Ryanair cancelled 82 flights on Sunday after admitting it had “messed up” the planning of its pilots’ holidays.

The budget airline will cancel up to 50 flights a day up until the 20 September, affecting thousands of customers, because its staff need to catch up on their holiday entitlements and clear off a backlog of leave by employees before the end of 2017.

The airline said the cancellations would improve its system-wide punctuality, which fell below 80 per cent in the first two weeks of September. A combination of air traffic controller (ATC) delays and strikes, weather disruptions and the impact of increased holiday allocations to pilots and cabin crew were to blame for the cancelled flights.

A page on the Ryanair website details flights cancelled up until 20 September. . Ryanair’s Kenny Jacobs said:

“We will cancel 40 to 50 flights daily for the next six weeks, less than 2% of our schedule, with a slightly higher number initially, as we begin to implement these cancellations.

Most of the cancellations are due to a backlog of staff leave which has seen large numbers of the airline’s staff book holidays towards the end of the year.

The airline is changing its holiday year, which currently runs from April to March, to run from January to December instead.

Rynanair said the shift meant it had to allocate annual leave to pilots in September and October.

“In the event of any disruption or cancellation airlines must ensure customers are fully compensated and every effort is made to provide alternative travel arrangements.”

Ryanair has tried to appease angry customers by publishing lists of all flights to be cancelled until Wednesday, after 82 failed to take off on Sunday.

Liam Grime, consultant for the , says:

“The change in holiday year going from April-March to January-December gives the pilots a nine month window from 1st April to the 31st December in which to get their annual leave entitlement booked and used. We do not know if the mix-up here was as a result of pilots not being aware of the change or if there was some delay in approving/scheduling the holiday requests but, whatever the reason, there is a backlog of leave that needs to be taken. No matter what size business you run, there will always be a problem if too many employees need to take leave at the same time and it takes careful planning throughout the year to ensure that there is no end of year crunch with employees needing to use or lose their annual leave.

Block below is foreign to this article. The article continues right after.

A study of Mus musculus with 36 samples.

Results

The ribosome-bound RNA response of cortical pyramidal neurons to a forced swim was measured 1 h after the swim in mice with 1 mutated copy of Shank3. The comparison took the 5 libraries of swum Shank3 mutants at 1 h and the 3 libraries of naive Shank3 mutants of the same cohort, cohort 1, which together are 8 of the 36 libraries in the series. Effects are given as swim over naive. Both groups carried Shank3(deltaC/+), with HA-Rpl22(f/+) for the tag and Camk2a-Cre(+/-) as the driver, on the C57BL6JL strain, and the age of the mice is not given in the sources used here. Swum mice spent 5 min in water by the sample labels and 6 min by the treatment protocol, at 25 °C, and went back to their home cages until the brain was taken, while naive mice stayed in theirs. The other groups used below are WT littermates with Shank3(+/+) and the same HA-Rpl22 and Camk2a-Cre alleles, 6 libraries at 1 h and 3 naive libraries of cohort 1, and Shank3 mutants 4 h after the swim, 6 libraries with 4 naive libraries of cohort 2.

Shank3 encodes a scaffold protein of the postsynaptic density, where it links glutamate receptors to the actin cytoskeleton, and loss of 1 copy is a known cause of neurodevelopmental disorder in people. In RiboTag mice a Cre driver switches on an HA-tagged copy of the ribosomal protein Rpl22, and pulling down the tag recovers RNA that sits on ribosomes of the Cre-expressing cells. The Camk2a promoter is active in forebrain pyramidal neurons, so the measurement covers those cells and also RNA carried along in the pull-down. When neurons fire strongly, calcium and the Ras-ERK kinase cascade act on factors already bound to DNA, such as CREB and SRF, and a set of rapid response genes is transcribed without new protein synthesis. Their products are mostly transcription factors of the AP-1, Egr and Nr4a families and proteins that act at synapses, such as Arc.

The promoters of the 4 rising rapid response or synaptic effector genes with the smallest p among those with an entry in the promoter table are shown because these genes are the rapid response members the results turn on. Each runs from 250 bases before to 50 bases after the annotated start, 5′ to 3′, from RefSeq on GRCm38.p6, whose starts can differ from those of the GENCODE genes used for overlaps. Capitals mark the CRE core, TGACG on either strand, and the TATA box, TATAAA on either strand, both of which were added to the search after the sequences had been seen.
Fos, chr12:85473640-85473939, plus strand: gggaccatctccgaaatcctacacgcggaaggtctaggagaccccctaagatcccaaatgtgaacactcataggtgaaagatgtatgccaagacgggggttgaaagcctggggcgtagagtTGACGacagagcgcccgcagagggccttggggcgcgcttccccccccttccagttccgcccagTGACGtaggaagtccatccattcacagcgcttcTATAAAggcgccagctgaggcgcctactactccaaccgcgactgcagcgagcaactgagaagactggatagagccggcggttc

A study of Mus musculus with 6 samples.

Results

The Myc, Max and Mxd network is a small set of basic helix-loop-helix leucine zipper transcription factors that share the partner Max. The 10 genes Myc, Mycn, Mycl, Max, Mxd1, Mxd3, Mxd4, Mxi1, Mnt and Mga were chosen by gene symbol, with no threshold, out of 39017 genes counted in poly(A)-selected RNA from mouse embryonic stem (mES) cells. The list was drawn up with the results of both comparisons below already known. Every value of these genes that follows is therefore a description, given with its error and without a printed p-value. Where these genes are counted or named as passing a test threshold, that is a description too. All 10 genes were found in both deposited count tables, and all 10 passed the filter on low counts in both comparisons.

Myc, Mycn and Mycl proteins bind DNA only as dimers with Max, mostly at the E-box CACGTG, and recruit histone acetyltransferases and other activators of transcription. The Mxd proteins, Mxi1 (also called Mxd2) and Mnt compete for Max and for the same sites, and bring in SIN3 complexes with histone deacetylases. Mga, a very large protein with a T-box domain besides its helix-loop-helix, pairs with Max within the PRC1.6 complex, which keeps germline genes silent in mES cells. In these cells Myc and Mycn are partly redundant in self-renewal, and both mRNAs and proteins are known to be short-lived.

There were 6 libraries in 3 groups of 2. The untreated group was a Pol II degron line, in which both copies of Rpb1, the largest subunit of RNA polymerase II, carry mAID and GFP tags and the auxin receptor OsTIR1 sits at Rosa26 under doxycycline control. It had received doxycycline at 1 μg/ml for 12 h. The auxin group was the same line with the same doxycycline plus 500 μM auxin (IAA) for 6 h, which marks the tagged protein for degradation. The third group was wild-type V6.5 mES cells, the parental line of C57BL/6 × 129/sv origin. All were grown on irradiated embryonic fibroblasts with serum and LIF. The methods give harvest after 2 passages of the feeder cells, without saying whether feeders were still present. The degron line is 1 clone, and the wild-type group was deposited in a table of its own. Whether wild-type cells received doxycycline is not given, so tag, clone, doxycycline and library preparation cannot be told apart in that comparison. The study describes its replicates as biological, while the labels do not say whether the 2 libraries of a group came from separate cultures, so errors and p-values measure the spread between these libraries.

“Ryanair, and all companies, should have a thorough holiday booking procedure so that whoever is managing it is able to deal with holiday requests, identify where there may be too many people requesting time off at the same time and follow a strict first come-first serve policy when accepting or rejecting holiday requests. Most employers tend to allow no more than two, maybe three, employees to take time off at any one time and it is perfectly acceptable to have this kind of restriction. It is also within the power of employers to dictate when employees are permitted to take their annual leave to ensure that sufficient cover is available for the amount of work that they have on.

“In this case, had sufficient and proper planning taken place then Ryanair would have been able to assess the potential annual leave crunch and come up with some kind of rota for who is on holiday and when, in order to ensure that pilots are still able to use their annual leave entitlement in the allocated time without having to cancel flights. If it was determined ahead of time that their business demands and flight schedule would not permit all of the annual leave to be taken within this timescale then some pilots could have been allowed to carry over any outstanding entitlement to the next holiday year. This would have avoided the current situation they find themselves in of having to let pilots take their annual leave over a two month period, and thus prevented the cancellation of so many flights and the public relations fallout that has come from this.